I am not arguing for a return to some sort of view-from-nowhere style of journalism. I have no problem identifying as both a journalist but also as a progressive and someone who dislikes Trump rather fiercely. There is nothing wrong with having your journalism be driven by a sense of general ideological mission; some of the best journalists covering the working poor care deeply about the working poor, believe they are treated unfairly, and want to see their station improved. They’re still capable of, and produce, honest journalism.
What I am saying is that if you call yourself a journalist, there needs to be some distance, somewhere, between your tribal allegiances and the way you do your job.
Accuracy norms are about, well, accuracy: People who subscribe to accuracy norms are most concerned with spreading true claims, and with debunking false ones. Rightside norms are about being on the right ‘side’ of a given controversy: People who subscribe to rightside norms are more concerned with showing that they are on the right side of a given controversy, and that the people on the other side are morally suspect, than they are with accuracy, at least in a zoomed-in sense. […]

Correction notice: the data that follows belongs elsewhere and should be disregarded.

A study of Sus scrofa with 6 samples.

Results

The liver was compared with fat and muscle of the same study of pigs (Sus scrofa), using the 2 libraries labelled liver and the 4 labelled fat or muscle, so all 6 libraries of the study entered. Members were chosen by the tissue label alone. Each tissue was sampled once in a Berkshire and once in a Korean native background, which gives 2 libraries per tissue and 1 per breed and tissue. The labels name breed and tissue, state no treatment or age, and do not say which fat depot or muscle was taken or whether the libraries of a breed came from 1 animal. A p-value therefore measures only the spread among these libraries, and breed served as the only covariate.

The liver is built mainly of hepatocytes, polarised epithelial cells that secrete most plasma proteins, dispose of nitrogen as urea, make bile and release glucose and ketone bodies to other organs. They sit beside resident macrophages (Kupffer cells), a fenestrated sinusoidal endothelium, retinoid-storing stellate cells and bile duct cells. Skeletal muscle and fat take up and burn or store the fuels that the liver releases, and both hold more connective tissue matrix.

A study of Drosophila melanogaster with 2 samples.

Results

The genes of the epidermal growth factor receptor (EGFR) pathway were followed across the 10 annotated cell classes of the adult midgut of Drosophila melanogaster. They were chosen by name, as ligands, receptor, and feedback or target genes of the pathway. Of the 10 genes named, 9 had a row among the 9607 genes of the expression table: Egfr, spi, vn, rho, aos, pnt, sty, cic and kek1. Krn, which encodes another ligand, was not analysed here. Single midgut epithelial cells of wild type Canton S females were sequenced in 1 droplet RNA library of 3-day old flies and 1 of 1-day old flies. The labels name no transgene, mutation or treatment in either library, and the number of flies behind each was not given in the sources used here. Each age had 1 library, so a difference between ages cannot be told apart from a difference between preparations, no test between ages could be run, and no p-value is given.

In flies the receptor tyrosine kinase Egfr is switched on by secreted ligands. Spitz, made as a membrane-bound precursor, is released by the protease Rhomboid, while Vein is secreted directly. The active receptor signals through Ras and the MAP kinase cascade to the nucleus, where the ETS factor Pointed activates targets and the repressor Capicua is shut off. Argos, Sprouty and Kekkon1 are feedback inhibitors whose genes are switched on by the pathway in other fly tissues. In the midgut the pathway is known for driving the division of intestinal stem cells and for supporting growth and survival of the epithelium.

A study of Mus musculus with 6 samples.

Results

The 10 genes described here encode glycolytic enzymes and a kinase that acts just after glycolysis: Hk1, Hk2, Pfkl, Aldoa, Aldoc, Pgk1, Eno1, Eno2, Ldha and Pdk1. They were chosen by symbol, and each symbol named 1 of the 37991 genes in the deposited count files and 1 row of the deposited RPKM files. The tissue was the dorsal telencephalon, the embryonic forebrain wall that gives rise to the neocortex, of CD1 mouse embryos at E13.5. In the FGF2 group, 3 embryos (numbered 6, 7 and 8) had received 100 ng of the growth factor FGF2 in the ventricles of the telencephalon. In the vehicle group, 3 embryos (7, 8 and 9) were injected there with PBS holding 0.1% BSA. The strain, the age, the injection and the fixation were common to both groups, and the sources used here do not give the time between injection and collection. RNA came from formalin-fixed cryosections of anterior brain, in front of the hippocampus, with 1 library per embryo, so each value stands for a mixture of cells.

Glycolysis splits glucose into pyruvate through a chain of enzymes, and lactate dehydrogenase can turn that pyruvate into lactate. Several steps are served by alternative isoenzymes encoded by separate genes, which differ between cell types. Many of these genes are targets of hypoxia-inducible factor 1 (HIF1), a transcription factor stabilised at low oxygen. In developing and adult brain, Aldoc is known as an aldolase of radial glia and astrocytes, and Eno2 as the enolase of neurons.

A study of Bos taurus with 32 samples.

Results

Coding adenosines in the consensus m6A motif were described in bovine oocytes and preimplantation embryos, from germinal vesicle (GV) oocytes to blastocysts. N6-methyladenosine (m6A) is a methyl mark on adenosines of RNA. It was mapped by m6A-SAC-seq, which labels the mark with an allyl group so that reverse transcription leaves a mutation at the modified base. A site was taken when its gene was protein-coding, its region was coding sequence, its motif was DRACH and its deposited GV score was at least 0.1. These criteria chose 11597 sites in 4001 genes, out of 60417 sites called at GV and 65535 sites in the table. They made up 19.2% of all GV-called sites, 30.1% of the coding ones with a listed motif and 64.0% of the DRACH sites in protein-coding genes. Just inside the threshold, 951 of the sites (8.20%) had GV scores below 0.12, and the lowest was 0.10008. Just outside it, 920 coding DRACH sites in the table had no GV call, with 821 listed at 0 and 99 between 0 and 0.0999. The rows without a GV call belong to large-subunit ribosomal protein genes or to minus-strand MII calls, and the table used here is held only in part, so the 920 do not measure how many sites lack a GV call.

If you’re in a group in which rightside norms prevail, you face a weird set of incentives:
1) It will often harm your group standing to point out that a false claim is false
2) It will often benefit your group standing to pile on a figure who has been unfairly accused of something by broadcasting evidence pertaining not to the claim in question, but to his or her broader (ostensible) moral worthlessness
3) It will often benefit your group standing to punish those who seek to debunk false claims against ‘bad’ figures
Imagine experiencing all this over and over, outrage after outrage.